Fish is essentially nutritious. It provides 22% of protein intake with over 50% in the poorest countries where animal protein is expensive and scarce (FAO, 2003).
- The consumption of fish is highly recommended because it is a good source of high quality protein, minerals and vitamins.
- The omega-3 polyunsaturated fatty acids in fresh fish protect consumers against coronary heart disease, reducing arrhythmias and thrombosis and risk of fatal heart attack and sudden death and lowers plasma triglyceride levels.
- Fish intake is beneficial to children’s growth and development and protects against some diseases such as rheumatoid arthritis, psychiatric disorders and lung disease (Rahman et al., 2008).
- Fish is also an indispensable source of micronutrients such as iron, iodine, zinc, vitamin A and B (World Fish Centre, 2005).
The demand for fish in Nigeria is much higher than the local production. This has made Nigeria to become one of the largest importers of fish in the developing world with about 600,000 metric tons imported annually. However, there has been an argument on the health safety of the frozen captured fishes imported into the country. For example, the frozen mackerel (Scomber scombrus) sold in some parts of the country has been reported to contain heavy metals such as mercury, lead, cadmium and nickel above the recommended safety limits outlined by FAO/WHO (Abubakar et al., 2015). Owing to this, as well as to develop local production of fishes, the Federal Government of Nigeria in 2017 promised to stop the importation of fishes into the country and shut down cold rooms where imported frozen fish are stored (RipplesNigeria, 2017). According to the then Minister of State for Agriculture and Rural Development, Heineken Lokpobiri, “The smuggling of unhealthy frozen fish into the country is detrimental to the progress being made toward guaranteeing the good health and nutrition of Nigerians”.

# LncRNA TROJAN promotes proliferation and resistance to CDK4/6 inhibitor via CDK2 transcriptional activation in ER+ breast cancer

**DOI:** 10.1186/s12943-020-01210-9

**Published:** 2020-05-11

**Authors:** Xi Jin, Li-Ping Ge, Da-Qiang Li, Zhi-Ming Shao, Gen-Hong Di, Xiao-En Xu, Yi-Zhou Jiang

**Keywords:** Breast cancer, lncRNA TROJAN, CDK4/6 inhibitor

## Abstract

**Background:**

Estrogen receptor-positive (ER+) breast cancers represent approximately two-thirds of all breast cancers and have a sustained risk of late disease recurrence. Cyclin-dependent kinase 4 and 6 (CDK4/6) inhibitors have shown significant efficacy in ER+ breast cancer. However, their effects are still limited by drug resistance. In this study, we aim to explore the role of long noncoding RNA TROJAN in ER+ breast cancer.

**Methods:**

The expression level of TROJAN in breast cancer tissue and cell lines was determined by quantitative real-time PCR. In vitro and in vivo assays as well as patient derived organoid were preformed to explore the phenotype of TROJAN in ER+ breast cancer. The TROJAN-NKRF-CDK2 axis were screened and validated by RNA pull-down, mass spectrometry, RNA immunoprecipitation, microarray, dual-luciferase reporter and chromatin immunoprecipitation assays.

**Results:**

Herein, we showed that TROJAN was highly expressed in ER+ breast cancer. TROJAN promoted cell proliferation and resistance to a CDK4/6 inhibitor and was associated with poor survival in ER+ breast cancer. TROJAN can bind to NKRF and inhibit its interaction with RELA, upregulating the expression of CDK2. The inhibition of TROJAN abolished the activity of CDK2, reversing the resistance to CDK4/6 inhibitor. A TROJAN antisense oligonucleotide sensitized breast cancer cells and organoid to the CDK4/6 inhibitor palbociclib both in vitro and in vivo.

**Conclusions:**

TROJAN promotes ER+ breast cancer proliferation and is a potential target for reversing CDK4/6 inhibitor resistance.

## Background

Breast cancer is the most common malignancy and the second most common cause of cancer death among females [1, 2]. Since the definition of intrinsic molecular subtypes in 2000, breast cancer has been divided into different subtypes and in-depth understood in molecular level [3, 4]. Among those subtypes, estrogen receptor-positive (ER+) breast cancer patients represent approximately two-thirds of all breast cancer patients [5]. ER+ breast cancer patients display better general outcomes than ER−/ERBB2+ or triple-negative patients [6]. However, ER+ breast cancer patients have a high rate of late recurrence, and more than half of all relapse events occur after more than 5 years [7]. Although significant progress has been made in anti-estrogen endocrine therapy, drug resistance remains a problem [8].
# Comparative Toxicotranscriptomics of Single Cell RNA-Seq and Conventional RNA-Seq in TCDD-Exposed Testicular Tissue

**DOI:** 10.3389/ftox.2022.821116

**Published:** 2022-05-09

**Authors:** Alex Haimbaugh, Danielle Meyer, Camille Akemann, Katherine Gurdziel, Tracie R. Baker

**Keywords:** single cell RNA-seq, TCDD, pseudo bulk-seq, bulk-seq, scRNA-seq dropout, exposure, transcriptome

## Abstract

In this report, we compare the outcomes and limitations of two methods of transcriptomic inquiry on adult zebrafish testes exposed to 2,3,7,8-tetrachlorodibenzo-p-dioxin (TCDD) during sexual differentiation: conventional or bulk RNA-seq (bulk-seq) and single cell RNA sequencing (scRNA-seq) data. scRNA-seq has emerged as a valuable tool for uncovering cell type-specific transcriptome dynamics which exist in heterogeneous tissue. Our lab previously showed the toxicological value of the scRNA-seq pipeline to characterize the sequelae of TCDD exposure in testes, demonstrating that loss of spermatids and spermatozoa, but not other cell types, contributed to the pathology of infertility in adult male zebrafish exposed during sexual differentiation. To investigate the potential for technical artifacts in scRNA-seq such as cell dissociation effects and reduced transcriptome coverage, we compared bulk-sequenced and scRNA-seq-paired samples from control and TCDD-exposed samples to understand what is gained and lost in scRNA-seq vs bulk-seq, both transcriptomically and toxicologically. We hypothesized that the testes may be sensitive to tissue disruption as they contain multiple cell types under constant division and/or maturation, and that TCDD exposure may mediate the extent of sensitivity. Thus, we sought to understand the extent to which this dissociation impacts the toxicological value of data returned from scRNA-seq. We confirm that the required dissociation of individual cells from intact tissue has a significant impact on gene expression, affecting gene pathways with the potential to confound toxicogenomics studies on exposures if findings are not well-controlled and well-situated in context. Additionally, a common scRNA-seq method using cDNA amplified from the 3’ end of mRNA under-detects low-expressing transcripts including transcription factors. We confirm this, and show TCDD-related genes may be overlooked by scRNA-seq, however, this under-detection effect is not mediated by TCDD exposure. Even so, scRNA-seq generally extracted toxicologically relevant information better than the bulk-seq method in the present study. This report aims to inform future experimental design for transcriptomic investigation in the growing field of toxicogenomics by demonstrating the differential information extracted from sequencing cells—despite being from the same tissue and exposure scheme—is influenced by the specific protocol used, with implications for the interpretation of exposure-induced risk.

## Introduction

At the implementation of the government’s policy on the ban of imported frozen fishes, there will be a drastic shortfall in the fish supply to Nigerian citizens. Thus, the local fish farmers will become the main supplier of fish for national consumption. In order to sustain the supply of healthy and consumable fish to the Nigerian market and increase personal income, there is the need for an increased citizen participation in aquaculture and fish farming. Therefore, Aquatic Hub Afrique Network aims to bridge the gap existing in the supply of fish to Nigerian consumers. At Aquatic Hub Afrique Network, our Academy is focused on:
- Liberating Africa from the shackles of poverty and hunger through capacity building in aquaculture.
- Training people on basics of sustainable aquaculture and fish farming.
- Providing technical training to fish farmers on the basics of fish farming, consumer awareness, sustainable fish feed production, breeding disease-resistant and fast growing fingerlings, fish processing, packaging and marketing among others.
We offer all these with the best in-class training facilities, curriculum as well as entrepreneurial and risk management insight to aquaculture as well as hands-on farm practical training. Our projection is to make Nigeria the largest exporter of fresh cultured fishes in Africa and a reference point in aquaculture and fish production throughout the world.
Citations and further readings
Abubakar, A., Uzairu, A., Ekwumemgbo, P.A. and Okunola, O.J. (2015). Risk Assessment of Heavy Metals in Imported Frozen Fish Scomber scombrus Species Sold in Nigeria: A Case Study in Zaria Metropolis. Advances in Toxicology, Article ID 303245, 11 pp. http://dx.doi.org/10.1155/2015/303245
FAO (2003). FAO Data 2003, Available on: http://faostat.fao.org/faostat/collections. Accessed April 2003.
Rahman, M.M., Bhattacharya, A., Fernandes, G. 2008. Docosahexaenoic acid is more potent inhibitor of osteoclast differentiation in RAW 264.7 cells than eicosapentaenoic acid. J. Cell Physiol. 214: 201-209.
RipplesNigeria (2017). FG to seal cold rooms with imported frozen fish. https://www.ripplesnigeria.com/fg-seal-cold-rooms-imported-frozen-fish/
World Fish Centre (2005). Fish for All: Turning point for Aquaculture and Fisheries in Africa, 28(3 and 4):14 – 20.